By Reid Spencer NASCAR Wire Service
August 13, 2014
WATKINS GLEN, N.Y. — Sure, Kurt Busch wouldn’t have minded too much if AJ Allmendinger and Marcos Ambrose had wrecked each other in the closing laps of Sunday’s Cheez-It 355 at the Glen.
If the two frontrunners had taken each other out, Busch’s third-place finish might well have turned into his second win of the season. But as hard as Allmendinger and Ambrose raced each other — with Allmendinger taking the checkered flag — they kept their cars on course, and Busch had to admire their skill from his front-row seat.
“I really thought they did a phenomenal job to beat the heck out of each other, maintain a pace that didn’t allow me to get close enough,” Busch said. “There was just one moment I had, I wanted to go low on the back straightaway. It would have been three-wide, and my right sides would have been in the grass, and I couldn’t quite make it getting into the bus stop (chicane) to clear those two.
“It was just a phenomenal show. Those two deserve a lot of credit. Allmendinger brought home the trophy, and he deserves it. Ambrose gave everything he could. I was just hoping that, yes, those two would get a bit overzealous, and I’d be able to squeak by them and pick up the win for our team.”
Power failure KOs Gordon
For the first half of Sunday’s NASCAR Sprint Cup Series race at Watkins Glen International, polesitter Jeff Gordon looked like a strong contender for the win.
The four-time champion led 29 laps, second only to race winner AJ Allmendinger’s 30, but on Lap 51, the No. 24 Chevrolet lost power and came to a stop on the track. By the time his crew had diagnosed the problem and restored power to the car, Gordon was four laps down and out of contention.
After the race, he still wasn’t sure exactly what had happened.
“I’ve got to get with the team and find out what caused it,” Gordon said. “It looks like we had a battery go dead—two batteries go dead. I didn’t see anything on the volts meter that stood out or anything really going on there that was alarming.
“Everything thing was going along really well. Our Drive To End Hunger Chevrolet was strong. I feel like we were in control there when we were out front. We got a little bit behind on the pit stop sequence, but we were coming back. I was just having a blast out there. It’s just great to be that competitive here at Watkins Glen again, and I would rather these things happen now so we can determine what caused it and make sure it doesn’t happen again, because you can’t have those kinds of things happen once this Chase starts.”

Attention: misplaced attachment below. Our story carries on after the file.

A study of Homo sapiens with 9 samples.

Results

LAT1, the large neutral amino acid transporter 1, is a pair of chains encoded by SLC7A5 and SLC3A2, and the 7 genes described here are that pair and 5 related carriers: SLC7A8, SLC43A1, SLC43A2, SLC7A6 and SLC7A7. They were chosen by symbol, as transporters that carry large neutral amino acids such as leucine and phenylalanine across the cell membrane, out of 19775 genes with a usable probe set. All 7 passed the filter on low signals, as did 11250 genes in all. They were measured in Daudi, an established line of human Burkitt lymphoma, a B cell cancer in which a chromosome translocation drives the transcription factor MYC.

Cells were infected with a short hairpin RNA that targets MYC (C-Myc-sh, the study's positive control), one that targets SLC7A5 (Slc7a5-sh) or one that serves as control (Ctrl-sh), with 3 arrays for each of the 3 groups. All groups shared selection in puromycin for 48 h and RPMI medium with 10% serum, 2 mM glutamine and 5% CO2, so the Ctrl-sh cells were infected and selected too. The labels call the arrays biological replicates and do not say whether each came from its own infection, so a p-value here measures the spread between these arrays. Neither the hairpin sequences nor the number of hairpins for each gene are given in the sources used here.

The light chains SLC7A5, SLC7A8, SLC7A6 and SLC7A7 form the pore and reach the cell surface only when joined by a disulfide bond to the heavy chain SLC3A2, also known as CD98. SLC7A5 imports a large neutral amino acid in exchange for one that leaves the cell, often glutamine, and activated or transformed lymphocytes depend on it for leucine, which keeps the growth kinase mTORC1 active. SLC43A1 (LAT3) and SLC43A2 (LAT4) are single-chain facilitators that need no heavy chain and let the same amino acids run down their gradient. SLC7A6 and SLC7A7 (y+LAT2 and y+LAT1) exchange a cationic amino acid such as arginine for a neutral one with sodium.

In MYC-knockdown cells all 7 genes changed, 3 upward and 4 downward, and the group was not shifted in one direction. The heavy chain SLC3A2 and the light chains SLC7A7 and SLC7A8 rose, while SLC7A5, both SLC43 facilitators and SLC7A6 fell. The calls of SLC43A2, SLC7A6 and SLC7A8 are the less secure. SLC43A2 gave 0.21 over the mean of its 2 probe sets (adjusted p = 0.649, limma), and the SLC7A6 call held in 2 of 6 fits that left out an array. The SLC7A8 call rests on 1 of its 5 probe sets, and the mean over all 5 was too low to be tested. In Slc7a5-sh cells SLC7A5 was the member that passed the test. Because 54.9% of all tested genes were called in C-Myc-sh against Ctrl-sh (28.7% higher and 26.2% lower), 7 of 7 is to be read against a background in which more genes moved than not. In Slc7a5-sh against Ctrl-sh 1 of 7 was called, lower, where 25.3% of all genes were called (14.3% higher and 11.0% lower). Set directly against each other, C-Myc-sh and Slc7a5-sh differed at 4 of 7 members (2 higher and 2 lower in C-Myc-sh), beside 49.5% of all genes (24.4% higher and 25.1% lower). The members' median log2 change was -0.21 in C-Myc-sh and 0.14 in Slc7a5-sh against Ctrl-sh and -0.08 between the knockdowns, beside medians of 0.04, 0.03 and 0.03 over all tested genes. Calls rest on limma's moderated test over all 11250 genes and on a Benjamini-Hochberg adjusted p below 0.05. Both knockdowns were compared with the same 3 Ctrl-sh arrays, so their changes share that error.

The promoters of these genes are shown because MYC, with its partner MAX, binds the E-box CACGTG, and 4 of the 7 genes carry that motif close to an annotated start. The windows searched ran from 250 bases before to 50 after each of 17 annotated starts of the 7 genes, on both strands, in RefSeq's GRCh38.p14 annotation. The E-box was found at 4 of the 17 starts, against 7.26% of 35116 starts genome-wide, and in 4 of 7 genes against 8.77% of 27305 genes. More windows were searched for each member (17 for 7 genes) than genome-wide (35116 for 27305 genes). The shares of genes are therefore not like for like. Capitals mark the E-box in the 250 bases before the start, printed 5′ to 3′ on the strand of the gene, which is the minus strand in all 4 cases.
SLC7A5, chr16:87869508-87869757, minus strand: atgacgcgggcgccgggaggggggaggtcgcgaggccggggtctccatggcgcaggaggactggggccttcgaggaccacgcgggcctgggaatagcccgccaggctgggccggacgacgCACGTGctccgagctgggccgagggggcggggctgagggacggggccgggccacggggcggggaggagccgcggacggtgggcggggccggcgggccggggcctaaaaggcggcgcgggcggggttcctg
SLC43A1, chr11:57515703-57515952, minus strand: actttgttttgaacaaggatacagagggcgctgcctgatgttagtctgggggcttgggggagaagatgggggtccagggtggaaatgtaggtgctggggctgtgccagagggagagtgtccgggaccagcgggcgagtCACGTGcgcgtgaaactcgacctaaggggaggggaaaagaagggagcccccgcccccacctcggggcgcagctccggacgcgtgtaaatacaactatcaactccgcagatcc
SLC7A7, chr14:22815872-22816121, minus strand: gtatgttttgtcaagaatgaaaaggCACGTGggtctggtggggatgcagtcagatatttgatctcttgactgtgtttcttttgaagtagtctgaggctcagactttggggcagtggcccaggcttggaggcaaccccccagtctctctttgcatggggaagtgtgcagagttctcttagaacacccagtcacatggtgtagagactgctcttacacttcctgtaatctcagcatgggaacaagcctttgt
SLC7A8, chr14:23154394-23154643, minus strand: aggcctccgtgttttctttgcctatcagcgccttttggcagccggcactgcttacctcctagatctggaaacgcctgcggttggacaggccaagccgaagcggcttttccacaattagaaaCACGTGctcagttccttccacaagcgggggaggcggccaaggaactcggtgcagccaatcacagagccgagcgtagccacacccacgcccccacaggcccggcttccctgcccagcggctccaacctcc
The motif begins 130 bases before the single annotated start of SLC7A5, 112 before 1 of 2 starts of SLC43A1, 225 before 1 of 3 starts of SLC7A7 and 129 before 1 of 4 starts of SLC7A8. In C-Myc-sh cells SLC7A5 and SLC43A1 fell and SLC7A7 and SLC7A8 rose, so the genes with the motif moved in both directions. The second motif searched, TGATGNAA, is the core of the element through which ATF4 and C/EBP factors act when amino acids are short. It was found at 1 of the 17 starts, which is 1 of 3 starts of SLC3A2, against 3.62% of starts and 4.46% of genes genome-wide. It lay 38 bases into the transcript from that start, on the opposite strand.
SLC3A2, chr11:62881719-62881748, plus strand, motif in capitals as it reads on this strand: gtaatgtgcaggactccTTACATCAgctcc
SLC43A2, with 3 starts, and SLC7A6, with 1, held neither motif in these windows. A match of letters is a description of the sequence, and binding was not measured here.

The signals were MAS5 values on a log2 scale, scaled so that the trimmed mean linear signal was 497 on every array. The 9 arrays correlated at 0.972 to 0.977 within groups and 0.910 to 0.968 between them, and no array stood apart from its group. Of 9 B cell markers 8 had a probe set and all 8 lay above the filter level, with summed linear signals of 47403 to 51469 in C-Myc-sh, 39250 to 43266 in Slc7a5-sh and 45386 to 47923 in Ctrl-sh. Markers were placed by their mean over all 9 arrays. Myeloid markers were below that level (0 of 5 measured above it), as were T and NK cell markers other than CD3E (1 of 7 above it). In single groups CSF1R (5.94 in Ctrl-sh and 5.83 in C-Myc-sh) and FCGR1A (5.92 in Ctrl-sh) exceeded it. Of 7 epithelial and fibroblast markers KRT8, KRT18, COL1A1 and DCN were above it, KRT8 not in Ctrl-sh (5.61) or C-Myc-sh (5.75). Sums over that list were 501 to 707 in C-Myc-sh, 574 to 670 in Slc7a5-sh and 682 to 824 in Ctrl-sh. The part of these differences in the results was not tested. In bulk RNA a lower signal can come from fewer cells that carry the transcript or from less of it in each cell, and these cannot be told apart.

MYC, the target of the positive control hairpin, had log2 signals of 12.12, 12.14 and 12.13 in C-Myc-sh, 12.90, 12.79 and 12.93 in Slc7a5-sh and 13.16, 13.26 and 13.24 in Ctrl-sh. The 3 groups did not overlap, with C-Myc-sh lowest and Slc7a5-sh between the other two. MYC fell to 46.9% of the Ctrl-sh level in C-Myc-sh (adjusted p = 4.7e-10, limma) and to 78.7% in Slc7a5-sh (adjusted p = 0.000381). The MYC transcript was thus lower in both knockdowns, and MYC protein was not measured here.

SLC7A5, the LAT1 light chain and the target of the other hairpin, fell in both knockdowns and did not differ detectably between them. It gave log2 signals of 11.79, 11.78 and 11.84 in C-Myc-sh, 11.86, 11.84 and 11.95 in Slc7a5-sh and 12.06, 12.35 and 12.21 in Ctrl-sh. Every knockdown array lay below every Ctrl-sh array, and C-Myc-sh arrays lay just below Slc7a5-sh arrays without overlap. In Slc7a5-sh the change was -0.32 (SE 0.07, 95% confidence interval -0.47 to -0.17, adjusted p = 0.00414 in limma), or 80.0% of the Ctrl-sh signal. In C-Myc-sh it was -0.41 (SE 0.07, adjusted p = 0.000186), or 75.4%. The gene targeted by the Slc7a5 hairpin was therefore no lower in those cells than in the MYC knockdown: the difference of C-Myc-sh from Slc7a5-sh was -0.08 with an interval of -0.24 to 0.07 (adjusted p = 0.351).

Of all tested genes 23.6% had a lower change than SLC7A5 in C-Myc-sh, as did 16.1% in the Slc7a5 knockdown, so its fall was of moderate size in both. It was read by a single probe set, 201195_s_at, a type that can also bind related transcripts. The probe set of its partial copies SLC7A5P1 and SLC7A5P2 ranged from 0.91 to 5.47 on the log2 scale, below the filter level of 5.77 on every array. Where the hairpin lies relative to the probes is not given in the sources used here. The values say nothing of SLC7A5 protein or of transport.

Wreck raises safety issues
During a stoppage after a spectacular wreck sent Ryan Newman and Michael McDowell into Armco barriers on either side of the short straight between Turns 5 and 6 at Watkins Glen, drivers expressed concern over the guard rails in common use at the Glen.
But drivers weren’t in agreement as to what sorts of barriers might be preferable. Watkins Glen has made a number of safety enhancements in recent years, and NASCAR vice president of competition Robin Pemberton indicated the process is under constant review.
“It’s a constant improvement process,” Pemberton said during a televised interview with ESPN during a red-flag period that lasted more than an hour while track workers repaired the Armco barriers. “And as you know, many of the places we go to, the facilities, are multi-purpose, and we’re only here one weekend a year—and it’s busy throughout the rest of the year.
“Watkins Glen has made great advancements. You remember Turn 1 and 2 and all that, moved grandstands and fencing and SAFER barriers, and that’s worked quite well for us. But not all places are places for SAFER barriers. There are different types of systems to help slow cars down.”
Typically, Pemberton said, the sanctioning body reviews possible safety enhancements with all venues that host NASCAR events.
“We do a lot of inspections, and we look at places that need improvement, Pemberton said. “And there’s a priority list as far as what turns and what straightaways and things line that that you need to work on. It’s an ongoing process.”